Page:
Manish Baldia, Vedantam Rajshekhar
Department of Neurological Sciences, Christian Medical College, Vellore, Tamil Nadu, India
Department of Neurological Sciences, Christian Medical College, Vellore - 632 004, Tamil Nadu
Source of Support: None, Conflict of Interest: None
The coronavirus pandemic has devastated human life. It has completely changed the way we live and work. Neurosurgical practice has also changed all over India and in most countries of the world with surgery being offered only to patients who need urgent care. The authors are to be congratulated for formulating comprehensive consensus guidelines for neurosurgical practice in India, both at present and as the pandemic wanes. While the authors have tried to accommodate different practice settings in their guidelines, they have set the bar very high and logistical problems should be anticipated in implementing them. It is likely that several clinics, hospitals, and institutions that offer neurosurgical services, will need to modify these guidelines while adhering to the main principles of protection and safety of patients and health care workers (HCWs) and optimization of neurosurgical services.
The two principal areas where HCWs are likely to be exposed unknowingly to asymptomatic or mildly symptomatic patients are the outpatient clinic and the inpatient “non-COVID” wards. Infrastructure constraints and the massive patient population that most neurosurgical centers cater to prevent any meaningful application of physical distancing guidelines. The authors' suggestion that all patients be triaged using telemedicine to determine whether an “in person” consultation is needed, will go a long way in reducing the footfall in outpatient clinics and thereby provide a safer environment for the patients and HCWs. Although telemedicine has existed in India for over two decades, a recent study found that it was not widely adopted. This is an opportune time to fully exploit the virtues of telemedicine which can widen the reach of neurosurgical care in an efficient and economical manner.
Screening of all the patients in the outpatient clinic before the consultation seems hugely impractical at present. But with the major worldwide efforts that are going into advancing testing technology, it is not unrealistic to hope for a rapid and inexpensive test (where a result is obtained within a few minutes) that will be administered to all patients and their attendants who enter the hospital. Besides protecting other patients in the clinic and HCWs, such screening will also have the secondary benefit of reducing community transmission by identifying asymptomatic or mildly symptomatic individuals and quarantining them.
Designation of areas of the hospital, where untested “non-COVID” patients are managed, as “non-COVID” zones, can be a dangerous strategy. HCWs working in such areas might lower their guard and ignore or downgrade the necessary PPE protocols and thus, expose themselves and patients to the disease. It is well established that more than 50% of COVID transmission is through asymptomatic or pre-symptomatic carriers. HCWs should be repeatedly sensitized to the fact that whenever HCW-patient interaction precludes physical distancing norms (eg. clinical examination), whether in the COVID zone or non-COVID zone, appropriate PPE must be worn. Finally, working in teams, ideally three or more, is advisable. This will avoid exposure of the entire neurosurgical team to a positive patient or an HCW which can potentially lead to shutting down of the service. This might be challenging for hospitals with few neurosurgeons but even in such situations it is advisable to work as two teams that attend to neurosurgical patients alternately for a week or ten days at a time.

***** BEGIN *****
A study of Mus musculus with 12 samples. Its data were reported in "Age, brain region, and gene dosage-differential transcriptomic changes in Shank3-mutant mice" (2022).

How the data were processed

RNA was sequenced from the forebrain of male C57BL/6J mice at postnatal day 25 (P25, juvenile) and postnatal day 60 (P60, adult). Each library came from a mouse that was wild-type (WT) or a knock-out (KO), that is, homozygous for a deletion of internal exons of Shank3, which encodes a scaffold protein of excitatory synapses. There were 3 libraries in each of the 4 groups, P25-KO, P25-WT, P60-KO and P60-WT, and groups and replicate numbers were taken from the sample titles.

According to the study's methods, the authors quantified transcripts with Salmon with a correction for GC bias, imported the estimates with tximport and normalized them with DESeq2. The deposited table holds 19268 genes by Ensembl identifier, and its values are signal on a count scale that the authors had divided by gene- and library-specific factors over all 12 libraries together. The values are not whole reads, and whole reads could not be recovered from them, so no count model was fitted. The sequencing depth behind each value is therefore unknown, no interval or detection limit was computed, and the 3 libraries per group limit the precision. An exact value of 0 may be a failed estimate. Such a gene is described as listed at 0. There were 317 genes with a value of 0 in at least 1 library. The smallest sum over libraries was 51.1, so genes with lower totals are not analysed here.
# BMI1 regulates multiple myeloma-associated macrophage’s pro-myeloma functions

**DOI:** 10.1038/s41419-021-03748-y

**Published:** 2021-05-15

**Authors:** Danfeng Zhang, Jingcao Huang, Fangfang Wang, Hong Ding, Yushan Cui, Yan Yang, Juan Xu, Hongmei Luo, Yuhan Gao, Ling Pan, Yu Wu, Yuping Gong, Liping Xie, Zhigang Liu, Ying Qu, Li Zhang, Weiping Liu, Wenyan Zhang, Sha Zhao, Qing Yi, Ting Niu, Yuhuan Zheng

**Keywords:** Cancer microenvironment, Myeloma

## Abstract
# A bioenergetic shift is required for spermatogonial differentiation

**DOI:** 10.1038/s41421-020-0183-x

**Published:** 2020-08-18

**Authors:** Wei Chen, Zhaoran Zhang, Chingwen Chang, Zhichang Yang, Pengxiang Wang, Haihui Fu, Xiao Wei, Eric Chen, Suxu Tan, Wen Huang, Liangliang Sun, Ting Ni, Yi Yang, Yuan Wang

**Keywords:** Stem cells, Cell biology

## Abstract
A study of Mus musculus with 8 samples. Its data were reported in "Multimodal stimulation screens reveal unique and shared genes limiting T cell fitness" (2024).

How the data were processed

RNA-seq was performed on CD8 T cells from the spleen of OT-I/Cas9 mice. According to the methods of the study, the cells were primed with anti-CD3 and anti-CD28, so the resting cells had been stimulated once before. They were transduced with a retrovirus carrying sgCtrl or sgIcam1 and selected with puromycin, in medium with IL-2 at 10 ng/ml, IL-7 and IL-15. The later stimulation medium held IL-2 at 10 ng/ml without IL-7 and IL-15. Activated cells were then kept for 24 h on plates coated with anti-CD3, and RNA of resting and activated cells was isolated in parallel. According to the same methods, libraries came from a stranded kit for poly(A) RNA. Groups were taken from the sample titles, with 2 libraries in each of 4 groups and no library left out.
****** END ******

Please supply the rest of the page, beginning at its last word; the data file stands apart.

While neurosurgical practice (and human life in general) is undergoing a reset, the other side of the coin (nature) is also in a reset mode. Integrity of the ecosystem plays a key role for harmony among the species. Due to lockdown measures in this pandemic, nature is recuperating and making its best effort to restore the quality of air and water for the benefit of all the species. The play for the integrity of the ecosystem is highlighted in this smiley abstract painting [Figure 1]. This is a yellow smiley painting with two halves representing the emotions of happiness (yellow arc on lower left) and sadness (yellow arc on lower right). The outer circle (orange) depicts the coronavirus affecting the entire world. In the left half, a happy playful whale is shown reveling in the sparkling ocean and a revived atmosphere. At the same time, in the right half, locked up and masked humans are waiting with hope in their eyes to find the key (vaccine) to unlock the cage (centre, key hole). Let us join hands with nature in this universal reset and take a vow to not only practice and live safely but also not impede the rejuvenation of the environment.